7 Mar, 2014 By: Erik Gruenwedel

Joint press release ups scuttlebutt satellite operators could merge in a consolidating multichannel video program distribution market

Dish Networks and DirectTV’s March 8 joint press release commending the House Energy and Commerce Committee’s release of a discussion draft of a bill to reauthorize the Satellite TV Extension and Localism Act (STELA), was the typical boiler plate variety — and not really the news.

Key to the presser was language underscoring the operators’ combined prowess. Indeed, Dish founder Charlie Ergen and DirecTV CEO Mike White have publicly acknowledged the benefits of a merger between the companies — a union that would rank satellite ahead of Comcast/Time Warner Cable and Netflix in terms of domestic subscribers.

“We and our 34 million combined customers appreciate the hard work of the subcommittee, and we look forward to working with Republican and Democratic members of Congress as this legislation moves forward,” Dish and DirecTV said in a statement.

Industry observers contend the satellite operators are waiting for any regulatory challenges Comcast and Time Warner Cable might face in their proposed $45 billion merger before pulling the trigger.

Meanwhile, reauthorization of STELA would ensure continuity of service to more than 1.5 million remote signal satellite customers who would, otherwise, lose service in December when the act expires. Remote TV access is the primary reason the satellite industry launched in the 1960s.

More importantly, STELA would prohibit broadcasters from negotiating joint retransmission agreements — an increasing bone of contention among multichannel video program distributors.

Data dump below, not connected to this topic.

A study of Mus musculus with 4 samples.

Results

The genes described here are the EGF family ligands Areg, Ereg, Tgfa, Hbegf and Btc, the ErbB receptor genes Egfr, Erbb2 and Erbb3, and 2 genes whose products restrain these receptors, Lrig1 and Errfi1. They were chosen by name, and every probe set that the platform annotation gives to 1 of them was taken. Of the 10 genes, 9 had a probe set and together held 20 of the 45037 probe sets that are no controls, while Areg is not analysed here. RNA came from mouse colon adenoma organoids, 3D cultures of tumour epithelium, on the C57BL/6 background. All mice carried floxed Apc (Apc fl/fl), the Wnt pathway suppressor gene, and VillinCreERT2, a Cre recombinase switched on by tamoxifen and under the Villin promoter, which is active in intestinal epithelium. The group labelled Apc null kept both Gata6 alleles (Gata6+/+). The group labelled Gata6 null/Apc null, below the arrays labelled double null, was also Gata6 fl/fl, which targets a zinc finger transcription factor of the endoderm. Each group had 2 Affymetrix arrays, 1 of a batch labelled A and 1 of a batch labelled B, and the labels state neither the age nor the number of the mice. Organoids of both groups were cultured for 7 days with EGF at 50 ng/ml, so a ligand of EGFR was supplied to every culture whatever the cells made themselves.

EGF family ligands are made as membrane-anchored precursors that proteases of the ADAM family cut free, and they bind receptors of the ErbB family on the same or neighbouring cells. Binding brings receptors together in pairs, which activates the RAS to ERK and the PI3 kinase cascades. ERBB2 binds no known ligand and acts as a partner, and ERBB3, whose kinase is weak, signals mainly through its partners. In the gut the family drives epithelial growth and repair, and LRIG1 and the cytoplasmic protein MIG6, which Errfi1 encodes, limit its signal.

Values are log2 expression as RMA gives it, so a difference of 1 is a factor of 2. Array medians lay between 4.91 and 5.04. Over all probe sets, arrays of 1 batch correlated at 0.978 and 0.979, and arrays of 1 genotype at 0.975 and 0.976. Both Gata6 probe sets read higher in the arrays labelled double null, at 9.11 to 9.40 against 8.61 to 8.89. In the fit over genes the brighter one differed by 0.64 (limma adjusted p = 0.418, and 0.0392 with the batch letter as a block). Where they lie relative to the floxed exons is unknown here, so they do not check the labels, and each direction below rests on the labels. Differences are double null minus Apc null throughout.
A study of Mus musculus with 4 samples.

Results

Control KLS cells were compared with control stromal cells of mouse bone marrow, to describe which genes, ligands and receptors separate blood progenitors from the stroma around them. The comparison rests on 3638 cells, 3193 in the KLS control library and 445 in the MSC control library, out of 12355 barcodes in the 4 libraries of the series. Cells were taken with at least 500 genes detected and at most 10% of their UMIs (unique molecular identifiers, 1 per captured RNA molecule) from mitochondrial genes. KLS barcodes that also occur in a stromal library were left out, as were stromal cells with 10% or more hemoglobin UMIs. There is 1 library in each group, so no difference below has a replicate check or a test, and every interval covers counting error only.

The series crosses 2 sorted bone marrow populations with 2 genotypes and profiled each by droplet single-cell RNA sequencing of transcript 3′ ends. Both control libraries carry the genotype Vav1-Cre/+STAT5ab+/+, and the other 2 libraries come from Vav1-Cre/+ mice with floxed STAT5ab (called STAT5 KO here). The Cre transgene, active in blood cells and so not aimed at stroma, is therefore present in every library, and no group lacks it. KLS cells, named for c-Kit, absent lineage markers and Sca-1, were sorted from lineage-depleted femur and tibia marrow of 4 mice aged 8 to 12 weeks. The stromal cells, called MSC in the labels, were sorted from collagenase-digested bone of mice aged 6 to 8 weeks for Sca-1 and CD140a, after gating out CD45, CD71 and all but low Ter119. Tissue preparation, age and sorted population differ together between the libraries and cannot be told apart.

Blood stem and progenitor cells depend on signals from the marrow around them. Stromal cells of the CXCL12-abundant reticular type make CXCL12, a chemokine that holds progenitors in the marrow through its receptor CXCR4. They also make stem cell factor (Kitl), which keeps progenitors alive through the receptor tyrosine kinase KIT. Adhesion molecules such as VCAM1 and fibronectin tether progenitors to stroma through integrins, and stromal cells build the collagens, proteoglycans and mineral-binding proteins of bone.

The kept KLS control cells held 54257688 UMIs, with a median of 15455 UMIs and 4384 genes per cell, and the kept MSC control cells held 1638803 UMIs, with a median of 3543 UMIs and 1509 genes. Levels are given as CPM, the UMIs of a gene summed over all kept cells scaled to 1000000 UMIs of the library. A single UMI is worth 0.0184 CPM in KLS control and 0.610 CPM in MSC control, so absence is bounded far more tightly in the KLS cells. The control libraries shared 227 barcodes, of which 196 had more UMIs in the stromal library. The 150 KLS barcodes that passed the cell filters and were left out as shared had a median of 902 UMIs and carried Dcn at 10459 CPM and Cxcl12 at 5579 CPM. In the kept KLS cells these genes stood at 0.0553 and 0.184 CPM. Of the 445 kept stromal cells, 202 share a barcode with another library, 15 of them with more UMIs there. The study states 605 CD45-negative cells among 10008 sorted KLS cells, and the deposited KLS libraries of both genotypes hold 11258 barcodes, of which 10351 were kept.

Critics of the broadcast industry say joint retransmission negotiations unfairly increase broadcasters' leverage over cable and satellite companies as they negotiate with broadcasters for the ability to air broadcast programming.

Indeed, Time Warner Cable and CBS engaged in a protracted blackout last summer over retransmission, among other issues.

TheHill.com reported that STELA initially included language that would have allowed MVPDs to sell less-expensive channel bundles to subscribers that excluded select broadcast channels. That provision was dropped after strong opposition from broadcasters.

"I look forward to working with members of the subcommittee as we continue this thoughtful process and firmly believe we can get this across the finish line before the clock expires on many of STELA’s provisions at the end of the year," Greg Walden (R-Ore.), chairman of the Commerce Subcommittee on Communications, said in a statement.

The next STELA committee meeting is slated for March 12.